To examine the effect of lifestyle changes on the stability of blood lipid and lipoprotein levels from youth to adulthood.
Prospective cohort study.
Five hundred thirty-nine young adults who underwent measurement at baseline in 1985 when aged 9, 12, or 15 years and again at follow-up between 2004 and 2006.
Changes in adiposity, cardiorespiratory fitness, saturated fat intake, smoking, and socioeconomic position.
Main Outcome Measures
Child and adult blood lipid levels.
Using established cut points, we found that substantial proportions of individuals with high-risk blood lipid and lipoprotein levels at baseline no longer had high-risk levels at follow-up. Of the participants who had high-risk levels in youth, those with greater increases in adiposity or who commenced or continued smoking were more likely to maintain high-risk blood lipid and lipoprotein levels (P < .05). Participants who became high risk at follow-up had greater increases in adiposity, were less likely to improve their socioeconomic position, and tended to become less fit between surveys compared with those who maintained normal-risk levels (P ≤ .05). These effects tended to remain (P ≤ .10) after adjustment for all predictive lifestyle variables.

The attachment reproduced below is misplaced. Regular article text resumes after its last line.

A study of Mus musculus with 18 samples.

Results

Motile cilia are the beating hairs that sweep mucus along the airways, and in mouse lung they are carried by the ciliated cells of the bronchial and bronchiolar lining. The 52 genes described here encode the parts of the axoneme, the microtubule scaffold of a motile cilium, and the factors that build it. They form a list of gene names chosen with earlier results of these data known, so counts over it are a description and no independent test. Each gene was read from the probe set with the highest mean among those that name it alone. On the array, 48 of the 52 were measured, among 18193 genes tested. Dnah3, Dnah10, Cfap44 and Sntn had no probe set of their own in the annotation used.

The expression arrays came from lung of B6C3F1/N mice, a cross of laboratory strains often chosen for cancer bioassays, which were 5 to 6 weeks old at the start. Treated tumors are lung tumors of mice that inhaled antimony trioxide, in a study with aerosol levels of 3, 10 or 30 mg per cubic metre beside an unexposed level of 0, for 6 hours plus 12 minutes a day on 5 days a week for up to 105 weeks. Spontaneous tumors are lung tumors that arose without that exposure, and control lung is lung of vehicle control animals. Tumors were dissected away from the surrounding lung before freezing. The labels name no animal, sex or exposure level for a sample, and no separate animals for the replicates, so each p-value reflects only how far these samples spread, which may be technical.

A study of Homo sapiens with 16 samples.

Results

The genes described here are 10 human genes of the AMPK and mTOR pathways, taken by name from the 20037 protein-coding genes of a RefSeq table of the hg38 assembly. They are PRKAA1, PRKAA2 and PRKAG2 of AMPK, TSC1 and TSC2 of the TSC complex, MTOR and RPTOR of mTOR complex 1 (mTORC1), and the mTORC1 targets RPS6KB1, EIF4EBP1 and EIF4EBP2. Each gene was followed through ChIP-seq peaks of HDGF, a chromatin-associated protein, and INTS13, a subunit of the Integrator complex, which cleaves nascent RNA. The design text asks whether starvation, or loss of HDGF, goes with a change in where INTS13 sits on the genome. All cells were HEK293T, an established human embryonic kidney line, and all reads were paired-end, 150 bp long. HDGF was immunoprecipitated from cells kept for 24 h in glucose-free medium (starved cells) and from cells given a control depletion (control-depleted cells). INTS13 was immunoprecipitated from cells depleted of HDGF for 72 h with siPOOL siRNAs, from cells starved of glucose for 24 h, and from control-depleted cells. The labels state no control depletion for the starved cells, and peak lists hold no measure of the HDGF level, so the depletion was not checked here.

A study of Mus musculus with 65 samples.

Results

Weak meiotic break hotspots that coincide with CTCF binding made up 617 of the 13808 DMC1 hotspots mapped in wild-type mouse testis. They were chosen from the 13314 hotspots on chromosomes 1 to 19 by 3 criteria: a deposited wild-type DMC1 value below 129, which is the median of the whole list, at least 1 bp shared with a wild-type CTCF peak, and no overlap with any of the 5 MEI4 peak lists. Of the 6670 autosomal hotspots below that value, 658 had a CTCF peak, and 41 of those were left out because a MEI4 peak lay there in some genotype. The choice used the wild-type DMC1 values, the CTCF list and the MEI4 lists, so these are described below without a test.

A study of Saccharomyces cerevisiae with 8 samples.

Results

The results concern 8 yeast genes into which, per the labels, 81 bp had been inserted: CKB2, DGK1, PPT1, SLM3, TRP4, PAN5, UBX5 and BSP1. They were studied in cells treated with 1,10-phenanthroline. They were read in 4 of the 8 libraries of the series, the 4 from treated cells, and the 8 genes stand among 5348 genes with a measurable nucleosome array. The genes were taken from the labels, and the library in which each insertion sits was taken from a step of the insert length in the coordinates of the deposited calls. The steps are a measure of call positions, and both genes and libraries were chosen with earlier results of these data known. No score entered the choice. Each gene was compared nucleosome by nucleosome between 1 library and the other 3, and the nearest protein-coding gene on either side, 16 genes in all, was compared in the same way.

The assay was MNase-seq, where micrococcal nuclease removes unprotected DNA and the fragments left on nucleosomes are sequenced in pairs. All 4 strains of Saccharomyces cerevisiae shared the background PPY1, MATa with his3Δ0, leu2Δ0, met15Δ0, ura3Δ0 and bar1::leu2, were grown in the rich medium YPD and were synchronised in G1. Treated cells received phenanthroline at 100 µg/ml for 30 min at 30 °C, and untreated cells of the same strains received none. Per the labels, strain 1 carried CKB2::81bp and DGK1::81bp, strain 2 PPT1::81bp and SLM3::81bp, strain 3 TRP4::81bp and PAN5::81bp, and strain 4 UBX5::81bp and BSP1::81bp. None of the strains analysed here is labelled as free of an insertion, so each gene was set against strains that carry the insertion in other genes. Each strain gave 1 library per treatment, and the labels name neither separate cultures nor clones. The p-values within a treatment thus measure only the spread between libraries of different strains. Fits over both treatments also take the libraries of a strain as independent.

Unhealthy lifestyle changes that occur between youth and adulthood affect whether an individual maintains, loses, or develops high-risk blood lipid and lipoprotein levels in adulthood. Interventions that promote weight control in the first instance, but also physical activity, not smoking, and improved socioeconomic position in the transition from youth to adulthood, are likely to be of benefit in preventing adult dyslipidemia.